What are Collaborative Environments?

Collaborative environments are online spaces — often cloud-based — where the focus is making it easy to collaborate and working in groups, no matter where the participants may be. As the typical educator’s network of contacts has grown to include colleagues who might live and work across the country, or indeed anywhere on the globe, it has become common for people who are not physically located near each other to collaborate on projects. In classrooms as well, joint projects with students at other schools or in other countries are more and more commonplace as strategies to expose learners to a variety of perspectives.

Wikis, which allow many authors to add content to a web site, were one of the first technologies in this category, and it is increasingly rare to find a collaboration that does not use a wiki in one form or another. The largest example is Wikipedia, which through the efforts of thousands of contributors, has become the world’s de facto encyclopedia. One of the largest examples of an online environment built expressly to enable collaboration is Google Apps, which includes a set of commonly used productivity tools, but configured in a way to make it easy to work in teams.

The essential attribute of the technologies in this set is that they make it easy for people to share interests and ideas, work on joint projects, and easily monitor collective progress. All of these are needs common to student work, research, collaborative teaching, writing and authoring, development of grant proposals, and more. The bar for widespread participation is very low, since the software to support virtual collaboration is low cost or free, and available via a web browser.

INSTRUCTIONS: Enter your responses to the questions below. This is most easily done by moving your cursor to the end of the last item and pressing RETURN to create a new bullet point. Please include URLs whenever you can (full URLs will automatically be turned into hyperlinks; please type them out rather than using the linking tools in the toolbar).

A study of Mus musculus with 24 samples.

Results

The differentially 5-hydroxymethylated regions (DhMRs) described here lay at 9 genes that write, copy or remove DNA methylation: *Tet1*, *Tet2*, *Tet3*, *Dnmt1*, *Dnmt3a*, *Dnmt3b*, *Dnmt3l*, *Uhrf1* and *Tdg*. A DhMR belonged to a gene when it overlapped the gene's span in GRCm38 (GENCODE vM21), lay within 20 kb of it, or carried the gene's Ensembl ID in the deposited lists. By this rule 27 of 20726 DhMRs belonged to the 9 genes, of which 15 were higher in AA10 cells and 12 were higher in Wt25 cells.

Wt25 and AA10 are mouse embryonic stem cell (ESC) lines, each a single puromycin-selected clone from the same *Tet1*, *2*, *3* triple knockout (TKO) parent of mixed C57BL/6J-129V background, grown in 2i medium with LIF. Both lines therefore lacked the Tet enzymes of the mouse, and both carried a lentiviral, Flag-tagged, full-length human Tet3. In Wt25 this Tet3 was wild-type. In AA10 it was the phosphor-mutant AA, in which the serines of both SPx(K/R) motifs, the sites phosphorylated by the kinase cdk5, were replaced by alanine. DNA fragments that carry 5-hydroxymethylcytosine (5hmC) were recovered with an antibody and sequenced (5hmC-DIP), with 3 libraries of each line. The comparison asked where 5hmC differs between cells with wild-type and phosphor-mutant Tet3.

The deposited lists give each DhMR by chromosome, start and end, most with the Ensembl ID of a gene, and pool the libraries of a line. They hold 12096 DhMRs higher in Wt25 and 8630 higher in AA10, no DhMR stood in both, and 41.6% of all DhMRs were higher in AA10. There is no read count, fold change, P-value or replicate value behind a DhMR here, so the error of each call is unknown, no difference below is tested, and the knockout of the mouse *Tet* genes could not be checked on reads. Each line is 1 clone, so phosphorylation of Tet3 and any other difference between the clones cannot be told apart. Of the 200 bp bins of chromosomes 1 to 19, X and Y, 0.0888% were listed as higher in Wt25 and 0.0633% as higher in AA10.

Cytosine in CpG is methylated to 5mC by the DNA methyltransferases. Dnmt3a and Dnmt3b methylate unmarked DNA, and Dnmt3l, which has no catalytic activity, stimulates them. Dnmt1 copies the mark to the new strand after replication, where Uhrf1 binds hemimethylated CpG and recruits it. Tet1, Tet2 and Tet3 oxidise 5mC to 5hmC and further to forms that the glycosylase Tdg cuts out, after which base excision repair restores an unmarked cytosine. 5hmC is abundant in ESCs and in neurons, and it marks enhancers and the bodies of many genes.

Please "sign" your contributions by marking with the code of 4 tildes (~) in a row so that we can follow up with you if we need additional information or leads to examples- this produces a signature when the page is updated, like this: - alan alan Jan 27, 2010

(1) How might this technology be relevant to the educational sector you know best?

  • There's no question that we are moving away from the "do your own work" approach to a much more social construct because of technology. I think the K-12 sector, especially K-6 is going to have to do some work in rethinking current curriculum to support a more collaborative approach, not just a cooperative one. - will.richardson will.richardson Feb 8, 2010
  • another response here

(2) What themes are missing from the above description that you think are important?

  • your response here
  • another response here

(3) What do you see as the potential impact of this technology on teaching, learning, or creative expression?

  • The K-12 curriculum and the assessments that we use right now do not support social computing in any real way. Teachers are going to have to be much more willing to let real collaboration happen in classrooms as opposed to forced group work under the guise of cooperative learning. Students are going to have to be given opportunities at young ages to work meaningfully with other students, and those opportunities will have to have an aspect of self-direction and passion rather than be contrived to meet a pre-determined direction of the curriculum. - will.richardson will.richardson Feb 8, 2010
  • There is also a huge need here to help students understand the complex interactions and expectations that take place in virtual learning spaces. How do we represent ourselves? How do we monitor our footprints when other can help create them? Etc. There is almost a new literacy requirement to social computing that is not being addressed by current K-12 curricula. - will.richardson will.richardson Feb 8, 2010
  • Teachers by and large do not learn socially, nor do they teach socially. There is a culture shift around teaching and learning that will need to take place for schools to fully embrace the potentials of social computing as defined above.

(4) Do you have or know of a project working in this area?

Please share information about related projects in our Horizon K-12 Project form.